DUNEDIN, Fla. -- Dustin McGowan has taken a big step forward in his return to the Major Leagues. Now, all the Blue Jays can do is hope it won't be followed by two steps back.
Toronto's right-hander is once again making progress from a right shoulder injury which has plagued him since 2008. He threw off a mound on Tuesday morning for the first time in almost a year and finally appears to be turning a corner.
The McGowan comeback storyline has played itself out before but the 30-year-old is holding out hope that this time will be different. Despite all of the adversity, he's still holding out hope for the light at the end of the tunnel.
"Went after it a little bit," McGowan said of his first time on the mound. "Have to kind of do it to just to see how you are going to recover.
"I was a little nervous going out there to throw but once you start throwing ... it's like riding a bike again."
McGowan threw approximately 20 pitches and while there wasn't a radar gun in the area, his velocity did seem rather impressive for the first time out. Pitching coach Pete Walker estimated that McGowan was throwing his fastball in the mid-to-upper 80s while also mixing in a couple of change-ups.
The fact that McGowan is back on the mound marks a big development, but his situation remains in doubt until the club sees how he feels over the next couple of days. Walker said while there's a tentative schedule in place for McGowan's rehab it's rather fluid and could change on any given day depending on his level of discomfort.
Walker also likely won't want to reveal McGowan's exact routine for fear of more reports of setbacks if he's unable to go on a particular day. For now, the Blue Jays will take it day by day before eventually moving into a more advanced plan of attack.
"Obviously the slope is a big deal," Walker said of McGowan pitching off the mound. "So I want to see how he feels [Wednesday]. Getting off the slope is a little more taxing on the arm, especially at 80-90 percent.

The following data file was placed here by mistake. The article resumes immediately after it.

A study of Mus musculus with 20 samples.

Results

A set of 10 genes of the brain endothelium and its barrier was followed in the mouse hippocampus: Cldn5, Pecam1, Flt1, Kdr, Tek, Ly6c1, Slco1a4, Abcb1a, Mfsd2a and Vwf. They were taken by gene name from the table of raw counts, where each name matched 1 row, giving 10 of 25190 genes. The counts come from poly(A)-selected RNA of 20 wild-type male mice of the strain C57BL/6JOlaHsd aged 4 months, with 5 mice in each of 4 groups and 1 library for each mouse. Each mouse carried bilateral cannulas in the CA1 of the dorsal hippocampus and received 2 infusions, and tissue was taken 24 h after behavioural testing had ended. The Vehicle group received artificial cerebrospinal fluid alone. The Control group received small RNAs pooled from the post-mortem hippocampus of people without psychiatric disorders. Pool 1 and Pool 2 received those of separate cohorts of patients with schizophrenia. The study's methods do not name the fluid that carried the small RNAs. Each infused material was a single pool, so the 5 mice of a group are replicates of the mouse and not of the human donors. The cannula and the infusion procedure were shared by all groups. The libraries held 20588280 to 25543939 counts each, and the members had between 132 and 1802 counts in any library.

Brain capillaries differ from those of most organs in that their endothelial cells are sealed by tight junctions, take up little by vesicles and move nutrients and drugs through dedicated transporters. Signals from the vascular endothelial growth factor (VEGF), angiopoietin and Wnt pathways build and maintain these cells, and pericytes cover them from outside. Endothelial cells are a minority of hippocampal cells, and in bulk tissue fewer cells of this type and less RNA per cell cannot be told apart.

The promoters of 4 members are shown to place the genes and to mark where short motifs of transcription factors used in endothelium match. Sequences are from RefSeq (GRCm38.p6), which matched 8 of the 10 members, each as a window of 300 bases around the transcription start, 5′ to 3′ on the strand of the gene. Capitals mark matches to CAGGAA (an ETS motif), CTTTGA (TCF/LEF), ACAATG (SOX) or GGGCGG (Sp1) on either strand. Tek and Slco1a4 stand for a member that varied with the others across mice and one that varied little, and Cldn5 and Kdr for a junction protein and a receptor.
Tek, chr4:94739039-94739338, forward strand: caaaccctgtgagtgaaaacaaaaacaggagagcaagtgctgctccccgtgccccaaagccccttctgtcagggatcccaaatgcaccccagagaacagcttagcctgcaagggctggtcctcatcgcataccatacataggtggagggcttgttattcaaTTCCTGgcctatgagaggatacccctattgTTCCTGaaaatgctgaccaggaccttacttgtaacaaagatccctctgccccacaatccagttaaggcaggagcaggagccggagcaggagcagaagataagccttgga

"We'll see how he feels tomorrow, I think the guys over there saw it coming out pretty good, but I don't want to put the cart before the horse either. I want to see him do that a few more times."
McGowan hasn't been healthy to start a Major League season since 2008. Later that year he underwent the first of what would turn into multiple shoulder surgeries while also having a procedure done on his knees.
The native of Savannah, Ga., appeared to be nearing the end of the line until he took a major step forward two years ago. He endured a lengthy rehab and overcame the adversity to make his return to the big leagues as a September callup.
McGowan entered camp in 2012 as the favorite to win a job in the starting rotation. A minor foot injury marked the first setback, and when he tried to overcompensate for the discomfort by altering his mechanics another shoulder injury ensued.
This spring it was more of the same, but this time it was a neck injury that kept him off the mound. That issue now appears to be a thing of the past and McGowan can only hope that he has made the injuries a thing of the past for good.
"It's a little bit of a surprise," McGowan said of getting on the mound this quickly in Spring Training. "When we had a setback, my neck was bothering me, and you hope it's minor, which you never know, and it ended up being minor. If you look at it like that, it makes sense now, since it was so minor."
Blue Jays manager John Gibbons hasn't ruled out McGowan being considered for a spot in this year's bullpen. That's the official stance by the team, but it would seem extremely unlikely to actually happen for Opening Day.
McGowan will need to throw multiple bullpen sessions before eventually transitioning to a simulated game. That would be followed by at least an appearance or two in Minor League Spring Training games before advancing to face big league hitters. He'd also likely need to be cleared to pitch on back-to-back days to crack the roster.
With less than a month to go before the start of the regular season, McGowan would have to make up for lost time in a hurry. It's possible but not probable and the Blue Jays don't want to force the issue for fear of causing another injury.
"It's going to be difficult, there's no doubt," Walker said. "But the way he looked today was encouraging. I don't want our organizational expectations to get too high on him at this point, but we'll see how he is over the next few days, see how he is on his next side session.
"It's still a long ways off. There is time but that being said we're certainly not going to rush him at this point either. Make sure he feels good and hopefully we'll get him into a game pretty soon."
Gregor Chisholm is a reporter for MLB.com. Read his blog, North of the Border, and follow him on Twitter @gregorMLB.